By Harry Scoffin
Why is Robert Jenrick rewarding an asset class he called “egregious” just last month, asked The Times on Saturday.
The report by consumer affairs correspondent Andrew Ellson considered a controversial new permitted development right that the Communities Secretary wants enshrined in law by the summer.
The housing secretary has been accused of giving a huge windfall to the owners of residential development freeholds days after attacking them for their response to the flammable cladding crisis. Last week Robert Jenrick announced planning reforms that would allow owners of blocks of flats to add two storeys to their sites without planning permission.
Under the proposal, freehold owners will be allowed to put two extra storeys on existing blocks of flats without planning permission.
There will be no public consultation.
Airspace and rooftop development, a nascent industry in the UK, is one way to majorly increase the value of apartment buildings.
The Times report made clear that those who hold the freeholds to people’s homes, the beneficiaries of such a permitted development right, have been heavily criticised in recent years, including by Mr Jenrick.
In comments to LBC’s Nick Ferrari, the Communities Secretary said:
“Only last month Mr Jenrick criticised a number of freehold owners, including those held in an offshore fund run by David Cameron’s brother-in-law, for failing to remove flammable cladding from their buildings.
“He called the companies ‘egregious’ and said that there was no excuse for their inaction.
“He added: ‘Just imagine what it’s like living in these buildings, knowing that the money is there to do the [remediation] work, but because you’ve got an absentee building owner who, frankly, doesn’t seem to care, the work isn’t starting.’”
The deregulation will have the knock-on effect of preventing leaseholders from buying their freedom, said LKP chief executive Sebastian O’Kelly:
“The Leasehold Knowledge Partnership, a charity that offers help and guidance to leaseholders, said that the policy would hugely increase the value of the freeholds in apartment blocks across the country because it would allow their owners to add many more homes to their sites.
“It points out that the policy would also make it more expensive for leaseholders to buy their freeholds at precisely the time the government has promised to make it easier and cheaper for them to do so. Sebastian O’Kelly, of the charity, said: ‘Increasing the supply of homes is good but it’s absurd to give such a massive windfall to the speculators in a building’s income streams, given that their freeholds are worth 1-3 per cent of a building’s total value. ‘Just as leasehold is poised to be reformed — with the Law Commission anxiously referencing freehold owners’ human rights — the last thing Mr Jenrick should be doing is giving these parasitic entities this boost.’”
In December, LKP warned against the move, saying that “freehold owners of blocks of flats will be able to argue hugely inflated values for the freehold in enfranchisement cases.”
LKP now urges Mr Jenrick to rework the policy so that only resident-owned blocks are eligible:
“The Leasehold Knowledge Partnership is calling on the government to force freeholders to share the benefits of more valuable freeholds with existing leaseholders or limit the initiative to blocks where leaseholders actually own the freehold. Mr O’Kelly said: ‘Extra storeys will be imposed on the existing leaseholders, who then end up paying for the consequences: more staircases and landings to maintain, and perhaps a new lift.’”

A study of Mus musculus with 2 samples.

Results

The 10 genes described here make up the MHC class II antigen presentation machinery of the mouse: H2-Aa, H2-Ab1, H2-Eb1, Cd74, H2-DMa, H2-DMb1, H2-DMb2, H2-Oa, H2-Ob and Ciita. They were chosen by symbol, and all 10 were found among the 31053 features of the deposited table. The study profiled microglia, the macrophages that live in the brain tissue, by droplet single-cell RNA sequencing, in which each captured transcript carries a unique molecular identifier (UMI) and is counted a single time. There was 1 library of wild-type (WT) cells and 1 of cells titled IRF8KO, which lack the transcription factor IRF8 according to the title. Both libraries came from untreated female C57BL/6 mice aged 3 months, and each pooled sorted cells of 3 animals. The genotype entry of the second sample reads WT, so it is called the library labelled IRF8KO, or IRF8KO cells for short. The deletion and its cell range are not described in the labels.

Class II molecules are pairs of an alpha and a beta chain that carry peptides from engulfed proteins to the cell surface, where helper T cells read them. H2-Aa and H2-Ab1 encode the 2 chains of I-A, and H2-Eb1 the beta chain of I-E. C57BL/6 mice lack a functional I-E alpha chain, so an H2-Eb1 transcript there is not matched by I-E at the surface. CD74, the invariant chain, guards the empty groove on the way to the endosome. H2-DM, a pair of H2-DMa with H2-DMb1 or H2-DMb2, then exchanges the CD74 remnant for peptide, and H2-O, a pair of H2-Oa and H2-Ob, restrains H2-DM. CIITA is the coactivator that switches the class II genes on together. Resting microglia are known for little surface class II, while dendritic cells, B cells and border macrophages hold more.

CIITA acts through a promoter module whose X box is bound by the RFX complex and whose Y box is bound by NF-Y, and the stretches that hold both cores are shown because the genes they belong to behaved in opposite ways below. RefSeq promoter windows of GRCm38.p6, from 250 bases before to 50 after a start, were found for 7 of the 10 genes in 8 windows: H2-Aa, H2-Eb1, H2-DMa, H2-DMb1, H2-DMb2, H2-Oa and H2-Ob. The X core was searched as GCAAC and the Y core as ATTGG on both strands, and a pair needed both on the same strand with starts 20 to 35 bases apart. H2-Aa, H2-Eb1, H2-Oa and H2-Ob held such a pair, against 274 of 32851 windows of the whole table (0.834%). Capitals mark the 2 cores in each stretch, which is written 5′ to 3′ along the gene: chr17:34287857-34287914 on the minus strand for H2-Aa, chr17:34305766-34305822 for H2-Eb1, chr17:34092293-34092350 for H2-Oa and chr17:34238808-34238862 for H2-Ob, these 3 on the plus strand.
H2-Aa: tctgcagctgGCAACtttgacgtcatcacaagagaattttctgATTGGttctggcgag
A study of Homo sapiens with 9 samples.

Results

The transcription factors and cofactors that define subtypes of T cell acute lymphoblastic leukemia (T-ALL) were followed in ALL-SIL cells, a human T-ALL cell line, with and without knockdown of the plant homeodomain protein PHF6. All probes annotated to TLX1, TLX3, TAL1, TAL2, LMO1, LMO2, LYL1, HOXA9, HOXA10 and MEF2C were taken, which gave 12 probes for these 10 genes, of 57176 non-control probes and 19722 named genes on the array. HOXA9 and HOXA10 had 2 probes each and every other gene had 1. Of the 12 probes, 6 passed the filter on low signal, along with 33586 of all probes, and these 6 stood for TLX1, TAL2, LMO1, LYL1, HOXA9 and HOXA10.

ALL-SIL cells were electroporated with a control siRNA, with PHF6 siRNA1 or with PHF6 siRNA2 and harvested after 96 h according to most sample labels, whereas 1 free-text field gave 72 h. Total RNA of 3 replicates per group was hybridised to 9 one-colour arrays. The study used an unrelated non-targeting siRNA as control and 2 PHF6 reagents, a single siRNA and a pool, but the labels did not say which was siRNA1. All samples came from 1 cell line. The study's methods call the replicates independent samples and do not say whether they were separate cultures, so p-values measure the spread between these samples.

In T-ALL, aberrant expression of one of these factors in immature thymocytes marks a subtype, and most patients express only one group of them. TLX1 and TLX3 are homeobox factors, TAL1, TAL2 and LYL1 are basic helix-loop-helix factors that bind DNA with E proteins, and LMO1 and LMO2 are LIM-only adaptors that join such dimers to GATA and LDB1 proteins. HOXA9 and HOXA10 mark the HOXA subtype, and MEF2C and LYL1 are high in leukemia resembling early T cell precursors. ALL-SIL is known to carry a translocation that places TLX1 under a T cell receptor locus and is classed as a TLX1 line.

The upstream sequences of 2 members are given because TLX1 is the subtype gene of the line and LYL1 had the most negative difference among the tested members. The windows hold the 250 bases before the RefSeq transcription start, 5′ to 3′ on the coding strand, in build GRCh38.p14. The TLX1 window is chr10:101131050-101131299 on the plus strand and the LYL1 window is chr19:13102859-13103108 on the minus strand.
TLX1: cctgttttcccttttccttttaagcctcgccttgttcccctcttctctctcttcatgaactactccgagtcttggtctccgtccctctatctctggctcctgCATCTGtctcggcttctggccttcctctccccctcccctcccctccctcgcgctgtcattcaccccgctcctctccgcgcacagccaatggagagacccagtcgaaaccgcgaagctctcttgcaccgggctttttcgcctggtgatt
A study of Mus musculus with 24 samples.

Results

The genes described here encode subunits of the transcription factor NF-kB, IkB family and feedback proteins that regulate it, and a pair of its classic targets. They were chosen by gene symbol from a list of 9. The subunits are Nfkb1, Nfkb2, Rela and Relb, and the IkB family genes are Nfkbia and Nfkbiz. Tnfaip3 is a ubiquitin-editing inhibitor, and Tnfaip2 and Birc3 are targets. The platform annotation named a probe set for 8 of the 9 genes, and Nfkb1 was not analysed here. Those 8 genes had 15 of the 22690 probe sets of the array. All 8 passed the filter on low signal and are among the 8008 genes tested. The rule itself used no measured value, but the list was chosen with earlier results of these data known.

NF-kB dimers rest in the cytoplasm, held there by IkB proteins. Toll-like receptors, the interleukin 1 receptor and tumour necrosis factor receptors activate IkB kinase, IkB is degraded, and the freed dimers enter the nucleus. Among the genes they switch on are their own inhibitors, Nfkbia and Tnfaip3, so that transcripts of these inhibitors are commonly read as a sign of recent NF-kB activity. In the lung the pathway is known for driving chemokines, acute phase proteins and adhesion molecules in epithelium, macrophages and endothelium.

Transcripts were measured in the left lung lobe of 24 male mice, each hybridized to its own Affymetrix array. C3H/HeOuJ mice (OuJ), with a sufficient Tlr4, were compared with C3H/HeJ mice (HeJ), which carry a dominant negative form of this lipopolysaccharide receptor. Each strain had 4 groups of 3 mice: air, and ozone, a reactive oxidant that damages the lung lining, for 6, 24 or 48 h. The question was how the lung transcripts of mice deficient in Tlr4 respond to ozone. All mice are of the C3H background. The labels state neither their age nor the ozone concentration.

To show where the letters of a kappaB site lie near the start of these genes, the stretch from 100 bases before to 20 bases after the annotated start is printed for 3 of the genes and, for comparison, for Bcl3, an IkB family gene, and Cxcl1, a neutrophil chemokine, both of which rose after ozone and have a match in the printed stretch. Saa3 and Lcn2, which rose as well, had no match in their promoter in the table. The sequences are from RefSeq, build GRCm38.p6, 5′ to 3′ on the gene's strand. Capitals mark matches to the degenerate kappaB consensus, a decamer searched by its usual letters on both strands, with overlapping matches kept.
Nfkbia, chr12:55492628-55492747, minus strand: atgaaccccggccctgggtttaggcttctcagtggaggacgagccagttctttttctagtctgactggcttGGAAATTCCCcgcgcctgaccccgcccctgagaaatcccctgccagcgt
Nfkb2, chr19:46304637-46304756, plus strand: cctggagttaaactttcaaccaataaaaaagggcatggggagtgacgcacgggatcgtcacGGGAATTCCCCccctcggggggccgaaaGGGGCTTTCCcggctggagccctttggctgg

In its January report on valuation in enfranchisement, the Law Commission suggested that leaseholders who want to buy their freeholds should be able to opt out of paying “development value” if they have no plans to expand upwards:
“In the Report, we conclude that leaseholders could be given a power to decide to accept a restriction on future development of their block when they acquire the freehold. If they chose to accept that restriction, they would not have to pay the landlord any development value in the enfranchisement claim – so their enfranchisement premium would be reduced. If the leaseholders subsequently decided that they wanted to develop the block and therefore “realise” the development value, they could negotiate with the former landlord to release the restriction. They would, at that stage, have to make a payment to the former landlord in respect of the development value.”
However, the three reforms the body has put to ministers insist that the additional value “continue[s] to be payable” – even when the leaseholders acquiring the freehold have no intention to carry out development – a problem made worse if the “extra two storeys” permitted development right to freehold owners goes through.
Arshad Bhatti, the founder and chief executive of Apex Airspace, a firm that specialises in building new homes atop blocks of flats, has said that airspace and rooftop development is discouraged in England and Wales because of “the fear that a big fee will have to be paid to the freeholder”, calling for an end to development value in enfranchisement.
“… we believe any reform should bring forward a commitment for leaseholders taking on the freehold to only pay development value during initial build. In the first instance, this will stop the inequitable situation of new freeholders paying money for something they may not want to pursue. And, perhaps more importantly, it also means that if they do want to proceed with any development, they will have a means of immediately raising the cash through the value that they’re unlocking,” Mr Bhatti wrote in a blog for Property Week.
The Times report also highlighted the case study, first raised by LKP, in Mr Jenrick’s constituency of a freehold going to auction that could fetch considerably more with the new permitted development right.